The Controlled Environment Agriculture Open Data project aims to advance controlled environment research, machine learning and artificial intelligence through the collection and dissemination of crop production data.
by David Kuack
There is a considerable amount of data being generated by both private companies and university researchers when it comes to controlled environment crop production. This data is being generated for ornamentals, food crops, and cannabis. One of the questions about all this data is whether it is being used to its maximum potential to benefit the horticulture industry.
“Data has become a big topic in the horticulture industry with university researchers and private companies,” said Erico Mattos, executive director of the Greenhouse Lighting and Systems Engineering (GLASE) consortium. “People can identify with the challenges and opportunities with the amount of data that is being generated. However, we don’t yet have a centralized repository and a standard methodology for storage to allow us to explore and exploit this data.”
Addressing the data proliferation
In 2018 during the North Central Extension & Research Activity–101 (NCERA-101) meeting, members of this USDA-organized committee discussed what should be done with the extensive amount of data being generated by controlled environment researchers. Ohio State University professor Chieri Kubota proposed the formation of a sub-committee to address the need to develop guidelines for sharing data generated by controlled environment agriculture researchers.
“Dr. Kubota initiated the discussion about the need for a centralized platform to store data collected from controlled environment research,” Mattos said. “A task force was formed that included Chieri, Kale Harbick at USDA-ARS, Purdue University professor Yang Yang, Melanie Yelton at Plenty and myself. Since the task force was formed, Ken Tran at Koidra and Timothy Shelford at Cornell University have also become members of the task force.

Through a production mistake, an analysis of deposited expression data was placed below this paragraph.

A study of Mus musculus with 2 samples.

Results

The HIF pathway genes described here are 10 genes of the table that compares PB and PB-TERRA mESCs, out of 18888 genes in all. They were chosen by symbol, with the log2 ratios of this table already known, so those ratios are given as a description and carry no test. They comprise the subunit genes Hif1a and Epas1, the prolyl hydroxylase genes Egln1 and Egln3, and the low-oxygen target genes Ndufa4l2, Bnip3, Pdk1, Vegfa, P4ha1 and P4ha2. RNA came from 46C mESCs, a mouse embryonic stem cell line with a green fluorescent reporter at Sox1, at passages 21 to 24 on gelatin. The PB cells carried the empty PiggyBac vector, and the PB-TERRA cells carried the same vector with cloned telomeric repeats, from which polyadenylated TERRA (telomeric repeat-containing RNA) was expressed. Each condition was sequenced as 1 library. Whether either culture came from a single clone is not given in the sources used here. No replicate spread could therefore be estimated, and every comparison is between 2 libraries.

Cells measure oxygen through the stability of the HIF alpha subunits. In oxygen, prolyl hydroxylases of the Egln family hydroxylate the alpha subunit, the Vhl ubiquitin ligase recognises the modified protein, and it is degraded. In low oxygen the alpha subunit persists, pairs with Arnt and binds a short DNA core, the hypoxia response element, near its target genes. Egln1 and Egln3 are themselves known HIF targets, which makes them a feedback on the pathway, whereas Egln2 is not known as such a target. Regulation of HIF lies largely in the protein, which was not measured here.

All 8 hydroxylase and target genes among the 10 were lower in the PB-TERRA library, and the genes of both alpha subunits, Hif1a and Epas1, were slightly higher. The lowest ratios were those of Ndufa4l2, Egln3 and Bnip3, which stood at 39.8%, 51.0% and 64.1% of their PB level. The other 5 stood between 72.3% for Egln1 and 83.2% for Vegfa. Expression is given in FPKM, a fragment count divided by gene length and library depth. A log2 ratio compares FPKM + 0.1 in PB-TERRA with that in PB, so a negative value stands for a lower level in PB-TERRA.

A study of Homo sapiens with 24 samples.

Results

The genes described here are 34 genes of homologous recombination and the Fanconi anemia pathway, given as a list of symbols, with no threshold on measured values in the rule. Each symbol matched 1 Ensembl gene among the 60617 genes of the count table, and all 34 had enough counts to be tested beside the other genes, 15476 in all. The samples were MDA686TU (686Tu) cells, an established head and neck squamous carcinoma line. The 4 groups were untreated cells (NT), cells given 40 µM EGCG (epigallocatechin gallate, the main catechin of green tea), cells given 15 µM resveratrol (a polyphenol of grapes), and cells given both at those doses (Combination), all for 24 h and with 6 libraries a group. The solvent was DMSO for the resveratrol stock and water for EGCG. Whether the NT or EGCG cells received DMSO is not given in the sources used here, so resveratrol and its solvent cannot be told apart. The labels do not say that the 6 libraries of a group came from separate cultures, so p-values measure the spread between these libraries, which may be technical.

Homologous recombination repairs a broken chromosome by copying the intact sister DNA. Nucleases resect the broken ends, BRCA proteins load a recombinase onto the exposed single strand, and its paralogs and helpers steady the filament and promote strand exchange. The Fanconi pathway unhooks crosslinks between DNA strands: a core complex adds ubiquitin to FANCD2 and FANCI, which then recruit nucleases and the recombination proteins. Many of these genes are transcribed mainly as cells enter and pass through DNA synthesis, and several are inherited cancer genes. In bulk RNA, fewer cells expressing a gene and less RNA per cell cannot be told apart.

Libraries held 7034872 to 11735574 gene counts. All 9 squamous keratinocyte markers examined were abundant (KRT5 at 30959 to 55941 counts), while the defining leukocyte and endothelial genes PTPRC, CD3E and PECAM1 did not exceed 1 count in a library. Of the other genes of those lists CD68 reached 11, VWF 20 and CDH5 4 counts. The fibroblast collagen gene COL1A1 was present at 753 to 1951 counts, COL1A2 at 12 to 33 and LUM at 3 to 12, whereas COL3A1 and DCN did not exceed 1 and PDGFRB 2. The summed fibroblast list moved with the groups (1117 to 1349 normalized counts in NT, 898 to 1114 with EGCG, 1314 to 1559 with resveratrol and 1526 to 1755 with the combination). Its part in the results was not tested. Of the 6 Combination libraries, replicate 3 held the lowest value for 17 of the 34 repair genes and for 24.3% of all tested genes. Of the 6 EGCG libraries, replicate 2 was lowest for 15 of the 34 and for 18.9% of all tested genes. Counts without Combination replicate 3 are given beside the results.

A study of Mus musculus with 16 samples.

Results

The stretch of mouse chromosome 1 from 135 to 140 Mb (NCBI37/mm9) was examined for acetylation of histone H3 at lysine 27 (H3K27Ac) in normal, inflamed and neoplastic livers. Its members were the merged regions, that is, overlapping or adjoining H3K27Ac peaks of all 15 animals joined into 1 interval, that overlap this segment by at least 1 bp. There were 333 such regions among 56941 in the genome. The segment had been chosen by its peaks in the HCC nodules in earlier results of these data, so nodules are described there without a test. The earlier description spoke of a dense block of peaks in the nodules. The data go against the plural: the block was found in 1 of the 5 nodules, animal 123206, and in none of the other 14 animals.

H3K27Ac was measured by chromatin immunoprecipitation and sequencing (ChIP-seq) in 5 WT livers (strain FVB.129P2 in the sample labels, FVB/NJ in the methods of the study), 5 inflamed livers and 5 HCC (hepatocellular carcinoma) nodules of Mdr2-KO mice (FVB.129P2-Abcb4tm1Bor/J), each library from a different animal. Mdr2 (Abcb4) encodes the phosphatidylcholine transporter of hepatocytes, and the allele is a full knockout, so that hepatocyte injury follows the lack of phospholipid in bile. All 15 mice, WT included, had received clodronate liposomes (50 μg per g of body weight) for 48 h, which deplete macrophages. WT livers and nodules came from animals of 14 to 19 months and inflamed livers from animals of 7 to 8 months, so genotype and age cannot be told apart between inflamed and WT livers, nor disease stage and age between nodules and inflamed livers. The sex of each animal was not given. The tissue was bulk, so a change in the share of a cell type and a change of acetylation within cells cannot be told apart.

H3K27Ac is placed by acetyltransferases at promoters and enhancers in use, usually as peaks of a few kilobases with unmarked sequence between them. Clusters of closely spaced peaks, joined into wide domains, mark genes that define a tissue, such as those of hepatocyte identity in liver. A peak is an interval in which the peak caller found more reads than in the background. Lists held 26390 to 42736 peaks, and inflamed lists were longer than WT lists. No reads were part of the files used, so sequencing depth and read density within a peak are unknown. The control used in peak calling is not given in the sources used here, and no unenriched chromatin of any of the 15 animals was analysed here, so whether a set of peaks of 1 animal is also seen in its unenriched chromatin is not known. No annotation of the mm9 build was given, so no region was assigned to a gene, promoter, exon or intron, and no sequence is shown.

“We started discussing how we could make use of all this data. Researchers in the United States collect a huge amount of data. All of the environmental data such as temperature, relative humidity, and carbon dioxide and light levels in controlled environment research is collected. There is also a biological set of data which includes plant biomass and fruit yield.”
Mattos said there is also a great deal of research data generated and collected by private companies that are not shared with the horticulture industry.
“With the advancement in sensors and environmental controls, the capability now exists that this data can be collected,” he said. “With the advancements in computing power, this data can be used to start new applications and new tools that haven’t been available before. However, in order to do this, we have to have access to a large amount of data. That’s why the task force thought it would be good to create a repository where researchers and private companies could share the data following a specific format. This data could then be used in the advancement of machine learning and artificial intelligence applications to optimize crop yields in commercial CEA operations.”